Variables in a data frame in R always need to have a name. To access the variable names, you can again treat a data frame like a matrix and use the function colnames() like this:

> colnames(
[1] "employee" "salary"  "startdate"

But, in fact, this is taking the long way around. In case of a data frame, the colnames() function lets the hard work be done internally by another function, the names() function. So, to get the variable names, you can just use that function directly like this:

> names(
[1] "employee" "salary"  "startdate"

Similar to how you do it with matrices, you can use that same function to assign new names to the variables as well. For example, to rename the variable startdate to firstday, you can use the following code:

> names([3] <- 'firstday'
> names(
[1] "employee" "salary"  "firstday"

One important difference between a matrix and a data frame is that data frames always have named observations. Whereas the rownames() function returns NULL if you didn’t specify the row names of a matrix, it will always give a result in the case of a data frame.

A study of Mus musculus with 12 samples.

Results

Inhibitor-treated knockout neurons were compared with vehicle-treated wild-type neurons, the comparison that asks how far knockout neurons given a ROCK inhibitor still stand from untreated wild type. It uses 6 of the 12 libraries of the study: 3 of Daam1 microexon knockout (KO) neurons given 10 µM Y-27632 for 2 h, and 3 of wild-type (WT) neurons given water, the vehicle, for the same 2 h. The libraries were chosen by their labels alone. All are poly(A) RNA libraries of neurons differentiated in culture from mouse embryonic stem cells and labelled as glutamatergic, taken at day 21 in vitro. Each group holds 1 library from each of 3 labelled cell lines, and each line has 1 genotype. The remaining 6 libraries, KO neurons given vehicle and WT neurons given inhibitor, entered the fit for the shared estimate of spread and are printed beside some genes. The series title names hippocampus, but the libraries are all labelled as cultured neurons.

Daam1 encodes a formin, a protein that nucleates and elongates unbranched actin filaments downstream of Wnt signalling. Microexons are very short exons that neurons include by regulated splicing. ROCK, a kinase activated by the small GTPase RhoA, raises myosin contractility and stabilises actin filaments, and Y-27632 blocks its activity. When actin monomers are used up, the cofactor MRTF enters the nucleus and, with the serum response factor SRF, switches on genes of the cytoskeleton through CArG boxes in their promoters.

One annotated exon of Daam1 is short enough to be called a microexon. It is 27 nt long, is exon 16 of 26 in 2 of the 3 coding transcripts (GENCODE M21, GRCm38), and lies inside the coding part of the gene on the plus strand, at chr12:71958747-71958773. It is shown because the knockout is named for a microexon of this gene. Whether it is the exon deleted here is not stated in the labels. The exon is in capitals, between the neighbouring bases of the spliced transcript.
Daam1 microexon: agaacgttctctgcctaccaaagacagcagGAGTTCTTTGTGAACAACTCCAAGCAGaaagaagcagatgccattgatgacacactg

Check the outcome of the following code:

> rownames(
[1] "1" "2" "3"

By default, the row names — or observation names — of a data frame are simply the row numbers in character format. You can’t get rid of them, even if you try to delete them by assigning the NULL value as you can do with matrices.

You shouldn’t try to get rid of them either, because your data frame won’t be displayed correctly any more if you do.

You can, however, change the row names exactly as you do with matrices, simply by assigning the values via the rownames() function, like this:

> rownames( <- c('Chef','BigChef','BiggerChef')
       employee salary  firstday
Chef     John Doe 21000 2010-11-01
BigChef   Peter Gynn 23400 2008-03-25
BiggerChef Jolie Hope 26800 2007-03-14

Don’t be fooled, though: Row names can look like another variable, but you can’t access them the way you access the other variables.